1. Robert M Malina1,
  2. Basil Ribeiro2,
  3. João Aroso3,
  4. Sean P Cumming4
  1. 1Tarleton State University, Stephenville, Texas, USA
  2. 2Instituto Superior da Maia, Avenida Carlos Oliveira Campos, Castero da Maia, Avioso S Pedro, Portugal
  3. 3Sporting Lisbon Football Club, Lisbon, Portugal
  4. 4University of Bath, School for Health, Norwood House, Bath, UK
  1. Correspondence to:
 Dr R M Malina
 10735 FM 2668, Bay City, TX 77414, USA; rmalina{at}wcnet.net

Abstract

Objective: To evaluate the growth, maturity status and functional capacity of youth soccer players grouped by level of skill.

Subjects: The sample included 69 male players aged 13.2–15.1 years from clubs that competed in the highest division for their age group.

Methods: Height and body mass of players were measured and stage of pubic hair (PH) was assessed at clinical examination. Years of experience in football were obtained at interview. Three tests of functional capacity were administered: dash, vertical jump and endurance shuttle run. Performances on six soccer-specific tests were converted to a composite score which was used to classify players into quintiles of skill. Multiple analysis of covariance, controlling for age, was used to test differences among skill groups in experience, growth status and functional capacity, whereas multiple linear regression analysis was used to estimate the relative contributions of age, years of training in soccer, stage of PH, height, body mass, the height×weight interaction and functional capacities to the composite skill score.

Results: The skill groups differed significantly in the intermittent endurance run (p<0.05) but not in the other variables. Only the difference between the highest and lowest skill groups in the endurance shuttle run was significant. Most players in the highest (12 of 14) and high (11 of 14) skill groups were in stages PH 4 and PH 5. Pubertal status and height accounted for 21% of the variance in the skill score; adding aerobic resistance to the regression increased the variance in skill accounted for to 29%. In both regressions, the coefficient for height was negative.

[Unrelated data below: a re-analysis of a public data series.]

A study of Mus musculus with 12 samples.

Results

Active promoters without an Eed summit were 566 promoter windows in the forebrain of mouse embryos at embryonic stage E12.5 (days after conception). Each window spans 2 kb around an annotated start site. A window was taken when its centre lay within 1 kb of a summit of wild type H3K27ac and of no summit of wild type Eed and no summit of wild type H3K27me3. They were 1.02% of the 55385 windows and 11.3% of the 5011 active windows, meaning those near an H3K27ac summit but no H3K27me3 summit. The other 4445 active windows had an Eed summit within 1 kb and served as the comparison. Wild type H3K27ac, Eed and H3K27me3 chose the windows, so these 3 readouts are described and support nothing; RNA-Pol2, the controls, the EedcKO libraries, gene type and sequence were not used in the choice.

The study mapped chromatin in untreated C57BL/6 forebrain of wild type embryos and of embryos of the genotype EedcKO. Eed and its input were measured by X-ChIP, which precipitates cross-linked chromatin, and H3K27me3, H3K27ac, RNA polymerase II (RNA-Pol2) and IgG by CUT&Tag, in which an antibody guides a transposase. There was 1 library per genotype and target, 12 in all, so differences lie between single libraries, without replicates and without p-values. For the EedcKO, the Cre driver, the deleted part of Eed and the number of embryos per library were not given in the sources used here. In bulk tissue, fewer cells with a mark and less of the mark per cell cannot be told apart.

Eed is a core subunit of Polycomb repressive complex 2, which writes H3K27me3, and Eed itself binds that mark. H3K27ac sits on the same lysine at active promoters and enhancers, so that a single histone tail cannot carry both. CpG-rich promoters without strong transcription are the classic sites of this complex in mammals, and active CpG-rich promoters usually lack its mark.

Conclusion: Adolescent soccer players aged 13–15 years classified by skill do not differ in age, experience, body size, speed and power, but differ in aerobic endurance, specifically at the extremes of skill. Stage of puberty and aerobic resistance (positive coefficients) and height (negative coefficient) are significant predictors of soccer skill (29% of the total explained variance), highlighting the inter-relationship of growth, maturity and functional characteristics of youth soccer players.

  • PH, pubic hair
  • RAE, relative age effect


  • Published Online First 15 January 2007

  • Competing interests: None declared.